Snow in the skies today, first time this fall. I’m reminded of every other first snows I’ve experienced, how watching the way the flakes move makes the wind visible, like magic. A grin that begins in my belly. Then watching, still in all the swirling: here we go, into Winter.

I was born into these seasons; my body is aligned to and by the rhythm of them. To NOT have days in which the light becomes shorter and shorter until it seems just a blink, oh, I would miss it. I love the richness of twilight that whispers into deep long nights. That’s where the stars sing from as the earth spins her eye across them, as the moon spins around us.

But it’s easy to be distracted from the magic by what’s happening on the streets these days. Wall street, Bay Street, Sherman, Barton.

On my way home from the studio I pass darkened factories, a derelict line of houses where a rose blooms golden from a choked garden. Boarded up businesses or just abandoned ones but a thriving McDonalds. Antifa Coalition headquarters, darkened and broody. Ivor Wynne Stadium eerily still and silent all these months, even the echo of cheering gone. Then a wave of small children chattering home from school with parents. Some are alone, kicking stones along the street.

I walk my big 5-foot square painting of Georgian Bay waves southward through heavy trucks, squealing brakes and throaty muscle cars, or just cars, constant on Barton. A bicycle with a tiny whining engine whizzes through stop signs, hood up, mask on. Birds, dogs, and wind. Trees and gardens falling into slumber. The painting’s heavy so I switch arms every block, a gallery-in-motion with alternating views: houses, street, houses. A neighbour calls from his porch, “Nice sail!”; I’m on ‘street-view’, so I can grin to him.

if the painting were a mere two inches smaller – 58″x58″, let’s say, it would have fit up my stairwell.

Just a thirty minutes of noticing while I use my legs to move with, my arms to anchor the five-foot ‘sail’ to my body. Because there are no vans available and it’s just half an hour. Because I need the space in my studio, and I want Georgian Bay in my Hamilton apartment. Because I want to read the street weather, not just the sky.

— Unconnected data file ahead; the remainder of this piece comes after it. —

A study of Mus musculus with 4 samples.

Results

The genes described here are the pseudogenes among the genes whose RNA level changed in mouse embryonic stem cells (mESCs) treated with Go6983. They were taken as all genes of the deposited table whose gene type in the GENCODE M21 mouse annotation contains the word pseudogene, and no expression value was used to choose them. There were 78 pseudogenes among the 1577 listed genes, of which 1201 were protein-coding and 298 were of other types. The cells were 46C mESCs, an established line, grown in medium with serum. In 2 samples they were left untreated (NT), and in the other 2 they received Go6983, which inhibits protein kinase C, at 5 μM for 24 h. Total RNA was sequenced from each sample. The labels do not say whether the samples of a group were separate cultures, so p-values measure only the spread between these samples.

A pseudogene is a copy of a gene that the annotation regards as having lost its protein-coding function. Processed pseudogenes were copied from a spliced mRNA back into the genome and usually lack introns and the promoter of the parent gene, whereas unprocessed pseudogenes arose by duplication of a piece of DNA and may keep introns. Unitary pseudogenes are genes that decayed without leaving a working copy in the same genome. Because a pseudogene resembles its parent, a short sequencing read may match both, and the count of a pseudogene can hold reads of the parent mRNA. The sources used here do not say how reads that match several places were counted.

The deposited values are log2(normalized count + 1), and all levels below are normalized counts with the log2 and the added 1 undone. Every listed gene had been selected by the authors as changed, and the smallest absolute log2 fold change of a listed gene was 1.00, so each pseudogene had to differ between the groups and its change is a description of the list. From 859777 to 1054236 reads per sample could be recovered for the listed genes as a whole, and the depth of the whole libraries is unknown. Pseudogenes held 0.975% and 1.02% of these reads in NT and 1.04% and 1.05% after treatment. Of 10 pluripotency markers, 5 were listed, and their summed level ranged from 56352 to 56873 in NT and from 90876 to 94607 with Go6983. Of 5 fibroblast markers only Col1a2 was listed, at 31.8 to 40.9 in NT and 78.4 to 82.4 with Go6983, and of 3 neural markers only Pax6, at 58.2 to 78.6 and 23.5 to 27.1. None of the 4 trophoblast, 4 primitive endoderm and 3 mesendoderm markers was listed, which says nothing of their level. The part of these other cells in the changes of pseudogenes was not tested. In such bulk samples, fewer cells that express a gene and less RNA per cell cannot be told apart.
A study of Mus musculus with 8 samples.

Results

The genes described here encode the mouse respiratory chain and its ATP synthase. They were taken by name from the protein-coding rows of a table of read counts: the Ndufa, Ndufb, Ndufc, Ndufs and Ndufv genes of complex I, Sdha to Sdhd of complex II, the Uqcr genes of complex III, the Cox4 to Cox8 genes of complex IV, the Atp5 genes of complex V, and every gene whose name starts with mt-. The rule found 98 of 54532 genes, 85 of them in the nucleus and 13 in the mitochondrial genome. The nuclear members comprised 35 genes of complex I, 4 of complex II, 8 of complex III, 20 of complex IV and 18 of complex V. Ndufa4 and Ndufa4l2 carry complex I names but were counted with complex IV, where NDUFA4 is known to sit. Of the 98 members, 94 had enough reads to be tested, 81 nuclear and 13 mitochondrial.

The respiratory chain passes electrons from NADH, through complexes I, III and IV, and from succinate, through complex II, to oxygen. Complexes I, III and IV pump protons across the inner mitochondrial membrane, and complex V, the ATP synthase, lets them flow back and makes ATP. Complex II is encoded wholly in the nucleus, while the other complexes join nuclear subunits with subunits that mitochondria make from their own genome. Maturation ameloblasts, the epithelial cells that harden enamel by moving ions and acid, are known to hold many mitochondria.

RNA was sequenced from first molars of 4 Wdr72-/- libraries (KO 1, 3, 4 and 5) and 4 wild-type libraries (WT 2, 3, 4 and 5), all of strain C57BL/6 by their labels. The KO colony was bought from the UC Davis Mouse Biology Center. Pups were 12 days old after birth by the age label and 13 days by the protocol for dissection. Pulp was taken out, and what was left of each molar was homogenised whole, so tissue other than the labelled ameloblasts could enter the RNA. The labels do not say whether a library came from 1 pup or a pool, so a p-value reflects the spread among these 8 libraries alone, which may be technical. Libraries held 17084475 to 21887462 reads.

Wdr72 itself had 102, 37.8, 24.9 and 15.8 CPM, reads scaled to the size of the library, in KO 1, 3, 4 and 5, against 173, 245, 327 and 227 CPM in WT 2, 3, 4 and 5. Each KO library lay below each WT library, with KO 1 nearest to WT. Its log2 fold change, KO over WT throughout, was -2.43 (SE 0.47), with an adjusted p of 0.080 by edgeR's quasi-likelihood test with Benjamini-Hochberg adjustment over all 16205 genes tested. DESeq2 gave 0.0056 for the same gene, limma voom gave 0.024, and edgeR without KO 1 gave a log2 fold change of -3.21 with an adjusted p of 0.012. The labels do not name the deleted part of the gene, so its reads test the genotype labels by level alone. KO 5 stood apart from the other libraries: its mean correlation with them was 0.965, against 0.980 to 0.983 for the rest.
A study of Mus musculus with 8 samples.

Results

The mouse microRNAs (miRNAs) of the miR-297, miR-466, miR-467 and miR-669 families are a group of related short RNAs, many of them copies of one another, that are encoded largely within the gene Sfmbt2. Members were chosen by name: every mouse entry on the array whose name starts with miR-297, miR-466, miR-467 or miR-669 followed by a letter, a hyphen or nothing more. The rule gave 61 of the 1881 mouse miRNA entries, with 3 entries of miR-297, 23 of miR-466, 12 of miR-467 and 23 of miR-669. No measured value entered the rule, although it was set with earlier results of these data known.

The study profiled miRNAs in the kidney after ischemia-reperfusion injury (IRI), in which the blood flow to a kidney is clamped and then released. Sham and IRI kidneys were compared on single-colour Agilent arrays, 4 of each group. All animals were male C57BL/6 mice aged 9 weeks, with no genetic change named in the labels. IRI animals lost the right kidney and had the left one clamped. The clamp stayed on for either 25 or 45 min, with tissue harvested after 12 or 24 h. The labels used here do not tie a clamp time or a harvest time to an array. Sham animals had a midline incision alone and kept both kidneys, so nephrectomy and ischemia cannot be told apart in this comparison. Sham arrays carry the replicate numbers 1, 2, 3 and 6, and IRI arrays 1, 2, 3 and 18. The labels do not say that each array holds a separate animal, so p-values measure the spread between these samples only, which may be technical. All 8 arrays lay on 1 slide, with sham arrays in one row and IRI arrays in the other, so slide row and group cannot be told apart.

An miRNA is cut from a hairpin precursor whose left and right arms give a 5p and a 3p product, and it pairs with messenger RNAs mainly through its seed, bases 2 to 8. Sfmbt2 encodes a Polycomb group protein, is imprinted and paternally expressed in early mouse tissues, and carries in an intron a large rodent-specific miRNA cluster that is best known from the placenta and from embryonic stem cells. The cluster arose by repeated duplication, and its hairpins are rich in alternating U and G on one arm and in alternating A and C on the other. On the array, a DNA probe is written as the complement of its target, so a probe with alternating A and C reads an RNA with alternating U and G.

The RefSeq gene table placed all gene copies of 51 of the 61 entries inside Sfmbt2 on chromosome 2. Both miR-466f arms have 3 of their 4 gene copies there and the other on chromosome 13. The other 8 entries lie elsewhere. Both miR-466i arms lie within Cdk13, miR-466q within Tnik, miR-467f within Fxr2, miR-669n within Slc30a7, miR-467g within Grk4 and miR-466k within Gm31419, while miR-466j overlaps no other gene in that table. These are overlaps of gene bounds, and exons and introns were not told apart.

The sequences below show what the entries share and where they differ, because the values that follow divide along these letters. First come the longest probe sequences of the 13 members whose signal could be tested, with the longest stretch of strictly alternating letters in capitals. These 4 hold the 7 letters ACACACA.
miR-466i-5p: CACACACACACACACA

Because I live in a house that’s full of stories, on a street that connects through these stories to those in other houses, close to a neighbourhood were some people do not live in houses but in cars or vans or doorways, where for some McDonalds is the default because its cheap.

It’s easy to get distracted. Real Estate prices are ridiculously high here, as are rents from Toronto landlords who bought 20 years ago, and yet minimum wage has not risen proportionately – not even close. University students aren’t renting this year – why would they when classes are online? So that extra income from renting the basement is gone. CoVid-19 has boarded up half of the small businesses and all retail work is precarious, so is it cash business that’s keeping a lot of folks here afloat? Savings are dissolving – I know mine are – and CERB was over after 28 weeks, or since October 3, whichever came first.

Amid all of this other stories emerge, if you choose to hear them. Turns out deficits are a myth, which is extremely hopeful if we can learn to act accordingly. I watch discussions about circular economies and Indigenomics that make perfect sense on so many levels: economies are relational, complex. I notice too that there are high level discussions about universal basic income, that caremongering networks are still going strong – stronger even than they were at the outset of CoVid-19 in March. It is now illegal to demand a doctor’s note from your employee if they are sick, or it soon will be.

Also and importantly we are increasingly, actively committed to working with other species on this planet now. Case-in-point: the once-extinct Trumpeter Swan now numbers in the thousands, with a strong and well organized coalition of human defenders and helpers throughout Ontario and the US. They were first reintroduced back into Ontario (after 100 years gone) at a beach half an hour by car from my house.

My personal best and only answer to the pressure and bad is to keep doing what I do. It makes me a better human and I see no value in staring at the mud, sitting in it until I become mud, even though some days mud pulls at me like a magnet. I choose differently, even as my savings dwindle, since every fibre of my being believes that art is as essential to human life as love and hope. So, I make art, carry it through the streets, weave it into video and story, and offer it up as a sure-fire way to wash the mud off. It’s what I can do, and I get better and better at it all the time. I will launch my current wave of work online this fall and winter; we’ll see what happens.

A golden rose blooms in a choked garden, the snow makes the wind appear. The stars sing from out of the deep night, and the moon spins herself around us. Deficits are a myth, and economies are relational. Nothing we can imagine is impossible.

My faith in human ingenuity, in our ability to rise above all of this mud, together, is unshakeable.